InvoTek Receives Grant to Improve Computer Access for People with Severe Disabilities

July 26, 2011

InvoTek Receives Grant to Improve Computer Access for People with Severe Disabilities

Project will help users access computers more effectively and efficiently

Alma, AR– July 26, 2011 – InvoTek, Inc., a research and development company in Alma, Arkansas, has recently been awarded a $120,643 Phase 1 Small Business Innovation Research (SBIR) grant from the National Institutes of Health to develop prototypes of a computer control method that integrates head and eye movement into a new unified computer access method. This new method is designed for those with high spinal-cord injuries, traumatic brain injuries (TBI), brainstem strokes, and degenerative diseases such as amyotrophic lateral sclerosis (ALS), who may find it difficult to operate traditional computer systems.

The technology will be developed by InvoTek and researchers at the Madonna Rehabilitation Hospital in Lincoln, Nebraska, as well as researchers at State University of New York at Buffalo. Consumers and assistive technology professionals will evaluate the prototypes to judge their effectiveness, efficiency, and the ease of user acceptance.

Current computer access technologies require users to have enough movement to move the cursor across the computer display and enough control to target a particular icon. Many users struggle to meet both requirements.“Giving someone with a severe disability control of a computer opens up a wide range of possibilities for achieving life goals and improving quality of life,” says Tom Jakobs, president of InvoTek. “We feel combining head and eye tracking into one access method is a great potential to improve users’ lives.”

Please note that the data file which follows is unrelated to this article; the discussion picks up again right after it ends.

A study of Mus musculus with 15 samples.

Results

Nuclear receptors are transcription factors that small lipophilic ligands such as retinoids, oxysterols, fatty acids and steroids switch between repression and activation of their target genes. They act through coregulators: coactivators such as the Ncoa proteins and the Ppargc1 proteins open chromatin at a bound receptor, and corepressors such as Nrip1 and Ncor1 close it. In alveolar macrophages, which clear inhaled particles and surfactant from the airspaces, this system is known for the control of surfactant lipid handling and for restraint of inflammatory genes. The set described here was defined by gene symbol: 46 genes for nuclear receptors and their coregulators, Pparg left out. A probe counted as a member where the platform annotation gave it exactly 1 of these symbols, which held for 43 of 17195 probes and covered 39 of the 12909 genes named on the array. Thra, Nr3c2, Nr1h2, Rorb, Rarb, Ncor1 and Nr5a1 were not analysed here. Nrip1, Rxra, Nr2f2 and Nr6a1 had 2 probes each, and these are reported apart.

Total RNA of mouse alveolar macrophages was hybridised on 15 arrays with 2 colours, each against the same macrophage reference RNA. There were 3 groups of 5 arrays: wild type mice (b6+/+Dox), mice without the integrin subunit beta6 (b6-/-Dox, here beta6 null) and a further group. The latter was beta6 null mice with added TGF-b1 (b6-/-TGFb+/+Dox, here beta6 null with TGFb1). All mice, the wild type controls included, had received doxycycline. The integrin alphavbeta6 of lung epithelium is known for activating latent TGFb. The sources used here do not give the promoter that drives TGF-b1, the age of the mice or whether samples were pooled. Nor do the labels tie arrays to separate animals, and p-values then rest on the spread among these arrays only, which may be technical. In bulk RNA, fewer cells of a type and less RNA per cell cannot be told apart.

Founded in 1988, InvoTek specializes in applying technology to the needs of people with severe disabilities. InvoTek also established the Be Extraordinary program in cooperation with the Arkansas Spinal Cord Commission. The program identifies people with severe disabilities who want to accomplish a life goal. The goal can be wide ranging -- improved participation in their health care, access to books, better communication with family or friends, the ability to advocate on their own behalf, or accomplish an educational or vocational goal. Be Extraordinary uses tax-deductible contributions from generous donors to fund the projects.